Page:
This is the final part of a 3 part series on the evidence behind sustainable change in happiness. In this part we’ll look at how these concepts discussed can be put to work to cause a measurable and sustainable happiness increase. Specifically, how to choose and implement activities.
Choosing an Activity: Person-Activity Fit
Every activity will not work for every person. There is a general “matching hypotheses” showing that positive affects of goal attainment on well-being are enhanced by person-goal fit. People should choose activities that align with their values and interests.
Sonja Lymbomirsky and Ken Sheldon have developed a diagnostic questionnaire that fits the person to an activity. You can search for this. However, I don’t think it’s needed to get started. Just take a look at the list below and choose something that meets these:
- aligns with your values
- you would be motivated to start
- feels natural
- Expressing gratitude
- Cultivating optimism
- Avoiding overthinking and social comparison
- Practicing acts of kindness
- Nurturing social relationships
- Developing coping strategies
- Learning to forgive
- Increasing “flow” experiences
- Savoring life’s joys
- Committing to your goals
- Practicing religion and spiritiousity
- Taking care of your body
Why choose a specific goal?
There is the problem of the 2 efforts, that is the effort to initiate and the effort to maintain an activity. The initiation effort is thought to be like a muscle that can only flex so much and gets stronger with use. To maximize the change that an activity will be started, one should choose appropriately. The second effort, maintenance, then becomes less difficult as the activity is seen to benefit if chosen properly. It becomes self-reinforcing and self-sustaining. Remember, sustainable change is the key here, not a few increased weeks of happiness.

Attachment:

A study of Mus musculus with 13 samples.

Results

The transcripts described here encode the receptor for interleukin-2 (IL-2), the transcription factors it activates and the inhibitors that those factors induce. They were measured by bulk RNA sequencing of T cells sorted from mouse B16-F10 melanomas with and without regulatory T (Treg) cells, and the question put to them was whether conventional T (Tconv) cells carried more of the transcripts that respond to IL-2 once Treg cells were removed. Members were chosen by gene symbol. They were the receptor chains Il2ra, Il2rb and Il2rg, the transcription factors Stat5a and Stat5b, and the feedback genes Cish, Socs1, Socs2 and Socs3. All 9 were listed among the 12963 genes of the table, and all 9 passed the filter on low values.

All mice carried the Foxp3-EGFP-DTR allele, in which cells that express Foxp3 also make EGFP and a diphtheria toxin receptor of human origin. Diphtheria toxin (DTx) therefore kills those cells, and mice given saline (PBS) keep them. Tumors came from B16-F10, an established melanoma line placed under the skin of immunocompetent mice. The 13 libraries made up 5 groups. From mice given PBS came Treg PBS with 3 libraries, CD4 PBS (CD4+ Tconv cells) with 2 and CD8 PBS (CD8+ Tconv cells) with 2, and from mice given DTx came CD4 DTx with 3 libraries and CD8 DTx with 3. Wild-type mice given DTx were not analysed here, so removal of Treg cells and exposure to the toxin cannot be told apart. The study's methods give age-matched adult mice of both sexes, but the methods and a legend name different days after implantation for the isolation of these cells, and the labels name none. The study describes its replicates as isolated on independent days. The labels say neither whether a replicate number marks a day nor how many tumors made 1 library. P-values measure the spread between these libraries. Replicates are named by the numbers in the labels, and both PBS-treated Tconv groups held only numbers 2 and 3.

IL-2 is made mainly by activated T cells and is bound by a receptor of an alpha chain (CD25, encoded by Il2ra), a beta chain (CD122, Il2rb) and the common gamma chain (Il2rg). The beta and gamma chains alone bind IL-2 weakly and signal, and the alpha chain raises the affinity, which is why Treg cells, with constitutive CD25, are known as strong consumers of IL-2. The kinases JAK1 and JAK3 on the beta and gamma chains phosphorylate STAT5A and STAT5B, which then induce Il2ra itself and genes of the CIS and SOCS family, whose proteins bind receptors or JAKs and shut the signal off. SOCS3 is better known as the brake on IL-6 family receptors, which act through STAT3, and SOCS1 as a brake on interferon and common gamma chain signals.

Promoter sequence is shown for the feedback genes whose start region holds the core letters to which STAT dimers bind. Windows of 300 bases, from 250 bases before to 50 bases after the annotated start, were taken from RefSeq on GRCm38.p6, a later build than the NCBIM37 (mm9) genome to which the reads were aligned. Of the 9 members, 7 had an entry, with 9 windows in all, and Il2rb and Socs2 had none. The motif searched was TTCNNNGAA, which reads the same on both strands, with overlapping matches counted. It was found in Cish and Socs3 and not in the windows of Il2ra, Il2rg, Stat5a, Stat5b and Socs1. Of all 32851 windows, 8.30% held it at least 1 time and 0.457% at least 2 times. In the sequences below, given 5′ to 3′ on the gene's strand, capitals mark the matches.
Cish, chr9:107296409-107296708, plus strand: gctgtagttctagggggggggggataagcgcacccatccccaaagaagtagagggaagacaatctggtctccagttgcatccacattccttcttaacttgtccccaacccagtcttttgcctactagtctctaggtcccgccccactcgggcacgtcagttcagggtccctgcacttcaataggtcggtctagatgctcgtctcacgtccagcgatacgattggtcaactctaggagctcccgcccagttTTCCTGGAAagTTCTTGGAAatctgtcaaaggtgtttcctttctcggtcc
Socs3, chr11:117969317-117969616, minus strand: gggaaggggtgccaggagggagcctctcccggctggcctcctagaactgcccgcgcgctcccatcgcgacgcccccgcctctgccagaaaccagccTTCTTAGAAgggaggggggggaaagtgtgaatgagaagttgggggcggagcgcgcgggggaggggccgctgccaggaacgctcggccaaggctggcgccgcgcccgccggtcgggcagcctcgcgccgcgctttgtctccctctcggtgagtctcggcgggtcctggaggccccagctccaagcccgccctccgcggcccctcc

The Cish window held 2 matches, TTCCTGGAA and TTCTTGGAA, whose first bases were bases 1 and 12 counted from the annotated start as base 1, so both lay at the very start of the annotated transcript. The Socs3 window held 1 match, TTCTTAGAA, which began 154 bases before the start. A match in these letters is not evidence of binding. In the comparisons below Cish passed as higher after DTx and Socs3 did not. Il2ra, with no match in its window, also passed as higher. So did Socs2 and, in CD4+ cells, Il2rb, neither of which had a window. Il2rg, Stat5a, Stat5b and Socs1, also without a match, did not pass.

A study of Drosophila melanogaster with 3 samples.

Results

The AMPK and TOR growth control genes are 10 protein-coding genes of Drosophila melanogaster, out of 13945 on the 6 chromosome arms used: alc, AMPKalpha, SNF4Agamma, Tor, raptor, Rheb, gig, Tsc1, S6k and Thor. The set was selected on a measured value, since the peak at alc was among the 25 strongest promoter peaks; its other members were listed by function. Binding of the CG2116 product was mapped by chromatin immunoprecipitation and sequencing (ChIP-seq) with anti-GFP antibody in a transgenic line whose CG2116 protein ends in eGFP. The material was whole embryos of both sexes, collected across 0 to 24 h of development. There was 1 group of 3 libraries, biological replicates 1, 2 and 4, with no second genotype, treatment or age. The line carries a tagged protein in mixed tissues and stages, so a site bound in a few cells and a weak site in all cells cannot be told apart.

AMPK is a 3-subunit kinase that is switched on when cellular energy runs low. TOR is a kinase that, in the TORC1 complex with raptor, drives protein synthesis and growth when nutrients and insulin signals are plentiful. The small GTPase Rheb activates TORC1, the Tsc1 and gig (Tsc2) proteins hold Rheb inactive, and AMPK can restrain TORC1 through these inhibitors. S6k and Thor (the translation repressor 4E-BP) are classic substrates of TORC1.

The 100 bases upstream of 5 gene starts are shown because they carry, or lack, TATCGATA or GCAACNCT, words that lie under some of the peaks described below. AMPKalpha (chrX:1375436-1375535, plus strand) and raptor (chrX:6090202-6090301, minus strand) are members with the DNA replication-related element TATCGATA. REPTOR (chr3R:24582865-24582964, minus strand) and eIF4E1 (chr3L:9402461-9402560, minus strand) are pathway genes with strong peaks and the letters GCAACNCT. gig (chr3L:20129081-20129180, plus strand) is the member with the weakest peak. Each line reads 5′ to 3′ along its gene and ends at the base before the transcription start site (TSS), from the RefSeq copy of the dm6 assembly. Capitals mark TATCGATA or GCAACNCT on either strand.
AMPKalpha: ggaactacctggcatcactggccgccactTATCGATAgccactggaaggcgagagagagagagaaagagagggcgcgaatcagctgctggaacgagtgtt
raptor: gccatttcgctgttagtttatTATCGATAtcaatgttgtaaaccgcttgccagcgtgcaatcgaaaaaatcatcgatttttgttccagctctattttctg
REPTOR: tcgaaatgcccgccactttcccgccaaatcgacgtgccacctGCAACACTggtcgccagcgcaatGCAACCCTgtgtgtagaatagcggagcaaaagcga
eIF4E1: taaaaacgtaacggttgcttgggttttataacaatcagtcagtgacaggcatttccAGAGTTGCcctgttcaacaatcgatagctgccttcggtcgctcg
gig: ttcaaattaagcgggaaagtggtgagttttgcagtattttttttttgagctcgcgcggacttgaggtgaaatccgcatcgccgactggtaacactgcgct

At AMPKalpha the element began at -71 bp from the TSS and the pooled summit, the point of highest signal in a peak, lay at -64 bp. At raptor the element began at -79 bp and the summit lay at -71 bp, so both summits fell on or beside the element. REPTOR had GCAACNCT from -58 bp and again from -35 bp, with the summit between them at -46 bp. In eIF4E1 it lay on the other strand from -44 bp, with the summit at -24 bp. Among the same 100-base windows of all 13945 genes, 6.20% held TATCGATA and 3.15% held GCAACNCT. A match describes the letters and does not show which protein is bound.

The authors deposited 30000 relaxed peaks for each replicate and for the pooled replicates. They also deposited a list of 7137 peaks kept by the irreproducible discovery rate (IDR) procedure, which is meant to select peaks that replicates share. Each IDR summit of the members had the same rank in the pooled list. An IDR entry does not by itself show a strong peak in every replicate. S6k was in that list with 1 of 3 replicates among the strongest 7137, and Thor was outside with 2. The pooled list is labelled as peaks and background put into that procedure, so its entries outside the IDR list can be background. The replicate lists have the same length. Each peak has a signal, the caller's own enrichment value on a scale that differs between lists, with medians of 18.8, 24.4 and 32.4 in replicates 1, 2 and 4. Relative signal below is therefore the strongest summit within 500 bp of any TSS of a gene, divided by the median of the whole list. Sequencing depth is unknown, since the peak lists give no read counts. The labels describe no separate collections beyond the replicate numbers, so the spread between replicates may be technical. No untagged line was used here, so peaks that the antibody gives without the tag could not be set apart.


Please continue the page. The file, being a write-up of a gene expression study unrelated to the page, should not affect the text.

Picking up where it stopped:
Will I Hedonically Adapt to these changes?
The authors assume that hedonic adaptation occurs with respect to specific experiences and not to the decisions that lead to the experience. Thus, there is a distinction between initiating an activity (the decision) and implementing it (the experience) the same way every time.
For example, I found gratitude to be a good person-fit. Instead of keeping a written journal daily or even weekly, which bored me when I tried it a few years ago, I just stop every now and again when the mood strikes and pick one thing for which I’m grateful. Most of the time it’s a little thing that strikes me. Sometimes, I’m struck by a big thing, like a truck.
Maybe, I’ll take a few days and express it in prayer, or I’ll tell someone something for which I’m grateful (this works great on my 4 year old) or write it down on a sticky note to myself that day. Point is, there is no pattern, just let it happen. The adaptation comes when we pattern. Avoiding adaptation lies in varying the experience of the activity.
Positive psychology a relatively new field and as such has more than enough naysayers. I believe it’s the beginning of one that we will look back on in a few decades and think ” How did we ever thrive without it”.
Much remains on which activities are best and how to best practice these. As an example, here are the graphical results of 2 experiments mentioned in the paper measuring the change in well-being over a short (6 week) period based on 2 activities described above.
Notice the boost in subjective well-being (happiness) at 6 weeks with these activities compared with controls. However, also note that timing was everything. Acts of kindness seemed effective only when performed all on one day. Perhaps the acts were lost in the shuffle of life when spread out? Similarly, counting blessing might be boring if done 3 times per week instead of one, explaining the lack of benefit in the bottom graph.
The authors acknowledge much work remains, keep in mind this paper is 10 years old and much work has been done. However, those interested are encouraged to do the following:
- Find new activities to engage in, preferably that aligns with your values, you would be motivated to start, would feel natural and enjoyable.
- Make a habit out of initiating the activity but always vary certain aspects of the experience like timing, frequency etc
Well, this concluded my 3 part series on sustainable change in subjective well-being. I’ve been using these techniques for a few years and have noticed results. It becomes second nature.
What is your experience with changing happiness?